Custodial parents need financial support to raise their children. It’s expensive to pay for a child’s shelter, food, and clothing – along with their medical care, school supplies, car costs, and numerous other expenses. At D and D Family Law, our seasoned child support lawyers fight to obtain just child support orders based on the incomes of each of the parents, the number of children, and other child support factors. We also represent parents who need to modify or enforce child support orders.
Many parents do not pay child support unless you hire an experienced family lawyer who will obtain a formal court order of child support. Formal orders normally require that the noncustodial parent pay a specific amount each week, month, every two weeks, or bi-monthly – until your child turns 18.
Modifications of child support orders
We are strong advocates when the needs of children change and when the abilities of the parents to pay child support change. When changes are required, we file petitions to modify child support in the appropriate family court. Changes in child support may be due to the special needs of your child such as the need for braces, developmental issues, or health problems. Daycare needs increase if a custodial parent finds a job. If the other parent obtains a better-paying job, your child deserves to benefit from the increase in pay.
Enforcement of child support orders
Even when parents have a formal child support order, many parents fail to pay the amount they owe on a timely basis. When parents fail to pay child support or parents are continually behind in their payments, then skilled family lawyers file court actions that seek to enforce the child support order. A family judge may give your ex-spouse or the other parent a short amount of time to pay what is due. The judge may authorize a wage garnishment in order to ensure that the payments are made. In some cases, the New Jersey family law judge may sentence the parent who isn’t paying the order to jail until he/she raises the funds to pay the order.
Why parents fail to pay child support orders
Some parents just aren’t responsible and the only way to force them to be responsible is to seek enforcement of the child support order. Many parents truly can’t afford to pay the current child support order. If there are valid reasons for not being able to pay the child support order, a parent should seek to modify the current order based on a change in circumstances of the noncustodial parent. Some of the grounds for requesting a reduction of a child support order are:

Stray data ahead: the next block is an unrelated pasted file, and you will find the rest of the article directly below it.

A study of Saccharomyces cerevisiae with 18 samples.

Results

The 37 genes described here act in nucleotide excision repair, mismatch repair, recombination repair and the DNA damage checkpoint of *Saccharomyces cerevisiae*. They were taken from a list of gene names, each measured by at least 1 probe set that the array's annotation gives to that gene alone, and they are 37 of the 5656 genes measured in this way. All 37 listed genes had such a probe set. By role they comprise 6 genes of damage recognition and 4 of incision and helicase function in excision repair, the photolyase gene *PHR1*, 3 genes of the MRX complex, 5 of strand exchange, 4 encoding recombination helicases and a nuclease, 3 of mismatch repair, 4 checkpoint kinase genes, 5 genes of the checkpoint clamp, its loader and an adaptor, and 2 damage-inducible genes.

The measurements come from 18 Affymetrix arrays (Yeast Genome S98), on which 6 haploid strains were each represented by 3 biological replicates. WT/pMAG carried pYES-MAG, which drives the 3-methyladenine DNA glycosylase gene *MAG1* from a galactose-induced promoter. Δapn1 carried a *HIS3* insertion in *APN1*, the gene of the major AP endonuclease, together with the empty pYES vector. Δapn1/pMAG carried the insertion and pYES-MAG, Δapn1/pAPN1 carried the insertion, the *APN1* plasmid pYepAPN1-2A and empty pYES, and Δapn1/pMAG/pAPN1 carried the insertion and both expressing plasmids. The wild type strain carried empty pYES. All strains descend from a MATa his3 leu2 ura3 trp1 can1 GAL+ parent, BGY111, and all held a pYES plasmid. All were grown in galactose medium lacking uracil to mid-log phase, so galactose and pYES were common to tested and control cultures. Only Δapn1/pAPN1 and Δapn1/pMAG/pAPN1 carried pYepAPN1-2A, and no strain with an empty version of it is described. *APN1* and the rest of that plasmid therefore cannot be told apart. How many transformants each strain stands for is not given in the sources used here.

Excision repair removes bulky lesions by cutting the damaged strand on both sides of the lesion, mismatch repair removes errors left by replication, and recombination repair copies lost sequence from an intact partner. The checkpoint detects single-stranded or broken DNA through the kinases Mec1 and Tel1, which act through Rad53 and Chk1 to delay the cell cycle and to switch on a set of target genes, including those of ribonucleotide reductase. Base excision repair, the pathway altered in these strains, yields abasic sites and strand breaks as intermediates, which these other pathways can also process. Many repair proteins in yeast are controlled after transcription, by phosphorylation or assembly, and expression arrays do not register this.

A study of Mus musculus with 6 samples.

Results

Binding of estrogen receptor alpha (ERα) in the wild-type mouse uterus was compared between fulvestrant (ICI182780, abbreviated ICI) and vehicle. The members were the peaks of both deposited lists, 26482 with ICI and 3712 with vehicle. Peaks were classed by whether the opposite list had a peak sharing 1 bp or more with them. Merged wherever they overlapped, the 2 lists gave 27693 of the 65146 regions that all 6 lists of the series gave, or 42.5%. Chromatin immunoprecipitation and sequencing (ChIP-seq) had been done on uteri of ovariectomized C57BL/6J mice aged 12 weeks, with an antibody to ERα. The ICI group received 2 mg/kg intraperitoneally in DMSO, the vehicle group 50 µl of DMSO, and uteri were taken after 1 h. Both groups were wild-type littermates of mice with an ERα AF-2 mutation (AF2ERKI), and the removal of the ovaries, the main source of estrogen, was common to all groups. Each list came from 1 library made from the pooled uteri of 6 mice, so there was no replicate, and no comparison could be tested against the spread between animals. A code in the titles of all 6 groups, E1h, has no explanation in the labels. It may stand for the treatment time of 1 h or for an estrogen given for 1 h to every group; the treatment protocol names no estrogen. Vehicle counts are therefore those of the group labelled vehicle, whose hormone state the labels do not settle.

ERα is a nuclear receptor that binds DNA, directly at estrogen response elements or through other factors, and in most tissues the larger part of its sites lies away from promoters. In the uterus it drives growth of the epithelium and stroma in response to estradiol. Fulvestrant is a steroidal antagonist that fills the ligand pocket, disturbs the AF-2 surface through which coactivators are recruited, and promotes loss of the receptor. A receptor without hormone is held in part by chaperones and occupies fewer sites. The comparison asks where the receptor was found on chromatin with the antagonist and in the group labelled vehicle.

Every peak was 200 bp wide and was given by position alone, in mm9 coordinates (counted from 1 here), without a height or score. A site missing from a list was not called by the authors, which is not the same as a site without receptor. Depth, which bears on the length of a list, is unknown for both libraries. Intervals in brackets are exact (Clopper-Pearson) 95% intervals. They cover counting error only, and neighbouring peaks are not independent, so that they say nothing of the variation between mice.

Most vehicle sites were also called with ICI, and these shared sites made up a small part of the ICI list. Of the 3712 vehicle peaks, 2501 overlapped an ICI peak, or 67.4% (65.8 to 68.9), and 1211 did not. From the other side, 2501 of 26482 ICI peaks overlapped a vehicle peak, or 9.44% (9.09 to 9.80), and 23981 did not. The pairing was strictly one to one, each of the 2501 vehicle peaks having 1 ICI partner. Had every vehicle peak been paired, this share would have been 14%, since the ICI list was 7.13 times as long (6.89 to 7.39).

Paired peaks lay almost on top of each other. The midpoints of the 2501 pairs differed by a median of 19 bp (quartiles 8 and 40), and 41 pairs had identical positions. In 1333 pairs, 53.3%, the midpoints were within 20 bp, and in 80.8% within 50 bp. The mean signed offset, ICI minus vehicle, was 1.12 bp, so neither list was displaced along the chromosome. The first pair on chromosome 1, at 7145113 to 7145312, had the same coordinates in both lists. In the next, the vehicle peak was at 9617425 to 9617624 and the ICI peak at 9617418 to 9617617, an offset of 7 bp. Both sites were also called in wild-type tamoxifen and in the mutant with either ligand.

- Loss of a job due to a company going out of business or the need of a company to lay off workers.
- Economic conditions that make it hard for a parent to earn a living or run a business.
- A parent’s health worsens so that he/she can’t earn as much and/or because treating the health condition requires paying the healthcare providers a lot of money for the necessary care and treatments.
- The custodial parent is earning substantially more money.
- Other valid reasons.
The request to reduce the amount of child support payments must be valid. A few invalid reasons are:
- Quitting a job or not working full-time – just to avoid paying child support
- Emotional anger at the other parent. The paying parent may be feeling emotionally hurt because of the failure of the marriage or relationship. The noncustodial parent may feel that because he/she is spending less time with the child that the reduction in time justifies a reduction in payments.
- Anger because the paying parent can’t control how the noncustodial payment uses the child support money.
Often, parents are more likely to comply with a child support order if the order was obtained through negotiation, mediation, or the collaborative divorce process – than if the order is entered after a contested hearing.
Except for unusual cases, such as when a custodial parent is clearly using the support money for a substance abuse problem, the nonpaying parent must continue to pay the current child support order – unless there are valid grounds to modify the child support order.
At DeTorres & DeGeorge Family Law, our family lawyers understand that life changes. There may be times when a child support order should be increased or decreased. What’s never acceptable is to refuse to pay the order. Children come first. If you can’t pay the order or your ex isn’t paying what he/she knows, then you need to file a modification request or an enforcement action. To discuss your child support rights and duties, call us at 908-503-2925 or fill out our contact form to make an appointment. We have offices in Clinton and Florham Park.